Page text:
Finding Rebecca

Nothing could keep Christopher and Rebecca apart: not her abusive parents, or even the fiancé she brought home after running away to England. But when World War II finally strikes the island of Jersey, the Nazi invaders ship Rebecca to Europe as part of Hitler’s Final Solution against the Jewish population.

After Christopher and his family are deported back to their native Germany, he volunteers for the Nazi SS, desperate to save the woman he loves. He is posted to Auschwitz and finds himself put in control of the money stolen from the victims of the gas chambers. As Christopher searches for Rebecca, he struggles to not only maintain his cover, but also the grip on his soul. Managing the river of tainted money flowing through the horrific world of Auschwitz may give him unexpected opportunities. But will it give him the strength to accept a brave new fate that could change his life—and others’ lives—forever?

Revised edition: This edition of Finding Rebecca includes editorial revisions.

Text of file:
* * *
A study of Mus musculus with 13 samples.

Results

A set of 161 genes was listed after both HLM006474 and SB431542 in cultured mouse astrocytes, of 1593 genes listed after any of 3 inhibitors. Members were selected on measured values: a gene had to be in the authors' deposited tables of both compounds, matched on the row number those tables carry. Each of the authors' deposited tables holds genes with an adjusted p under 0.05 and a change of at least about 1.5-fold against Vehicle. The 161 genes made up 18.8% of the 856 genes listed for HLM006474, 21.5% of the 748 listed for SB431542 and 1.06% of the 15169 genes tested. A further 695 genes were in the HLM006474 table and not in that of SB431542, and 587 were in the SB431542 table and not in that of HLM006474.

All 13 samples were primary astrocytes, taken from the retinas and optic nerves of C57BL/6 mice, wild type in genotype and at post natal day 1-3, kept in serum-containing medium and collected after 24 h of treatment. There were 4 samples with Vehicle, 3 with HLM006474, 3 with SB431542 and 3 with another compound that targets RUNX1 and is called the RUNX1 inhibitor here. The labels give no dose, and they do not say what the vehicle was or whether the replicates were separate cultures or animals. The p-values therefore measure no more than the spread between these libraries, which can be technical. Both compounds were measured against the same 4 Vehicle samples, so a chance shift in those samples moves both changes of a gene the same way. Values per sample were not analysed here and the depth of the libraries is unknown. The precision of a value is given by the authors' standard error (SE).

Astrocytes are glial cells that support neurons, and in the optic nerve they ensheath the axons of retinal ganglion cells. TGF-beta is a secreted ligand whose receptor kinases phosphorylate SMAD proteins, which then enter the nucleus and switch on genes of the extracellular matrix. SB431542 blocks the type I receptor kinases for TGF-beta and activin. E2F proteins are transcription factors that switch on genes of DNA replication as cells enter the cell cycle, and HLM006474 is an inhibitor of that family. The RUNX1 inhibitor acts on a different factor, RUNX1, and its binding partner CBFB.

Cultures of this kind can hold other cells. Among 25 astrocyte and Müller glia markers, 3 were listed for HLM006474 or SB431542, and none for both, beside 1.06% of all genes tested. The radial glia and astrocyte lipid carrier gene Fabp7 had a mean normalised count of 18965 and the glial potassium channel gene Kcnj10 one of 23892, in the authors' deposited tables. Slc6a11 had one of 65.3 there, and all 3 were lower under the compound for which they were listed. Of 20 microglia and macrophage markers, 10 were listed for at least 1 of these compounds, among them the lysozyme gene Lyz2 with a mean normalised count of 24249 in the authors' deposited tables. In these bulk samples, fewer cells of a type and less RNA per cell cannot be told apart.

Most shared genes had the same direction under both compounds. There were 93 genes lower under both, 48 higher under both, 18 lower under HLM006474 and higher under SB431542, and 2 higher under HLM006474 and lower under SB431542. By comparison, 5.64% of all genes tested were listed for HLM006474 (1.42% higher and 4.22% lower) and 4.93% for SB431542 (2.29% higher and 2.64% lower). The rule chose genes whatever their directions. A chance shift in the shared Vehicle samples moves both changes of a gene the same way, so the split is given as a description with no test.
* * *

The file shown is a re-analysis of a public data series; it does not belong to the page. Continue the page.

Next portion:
Nanci Arvizu, Writing and Reviews Editor


  1. Story, Story, Story! This was a wonderful book. Having just finished it, I’m still glowing from the amazing ending.  I was initially a little nervous about the war images on the cover but once I began reading, the storyline captivated me from start to finish. I truly had a hard time putting this down, from Christopher and Rebecca’s love story through the first part, to Christopher’s search for Rebecca and the finale in New York. 

  2. Very distracting typos and anachronistic language I am a former history teacher and huge WWII buff. I’ve read hundreds of historical fiction books and generally have a very forgiving viewpoint on these types of novels. If the author can weave a good story I can forgive lots of editing wrongs! However, there were an unusually high number of grammatical errors in this book, simple things like punctuation, missing words and obvious typos. More frustrating, though, was the author’s use of modern, 21st century language in the characters’ dialogue…

  3. Nice story I liked the story, especially once it got to Christopher’s time in the camp. I like how it showed how some Europeans were pulled in different directions during WWII because of nationality/birthright rather than beliefs. The book would have benefited from another round of editing though – there were a surprising number of typos and some parts dragged on.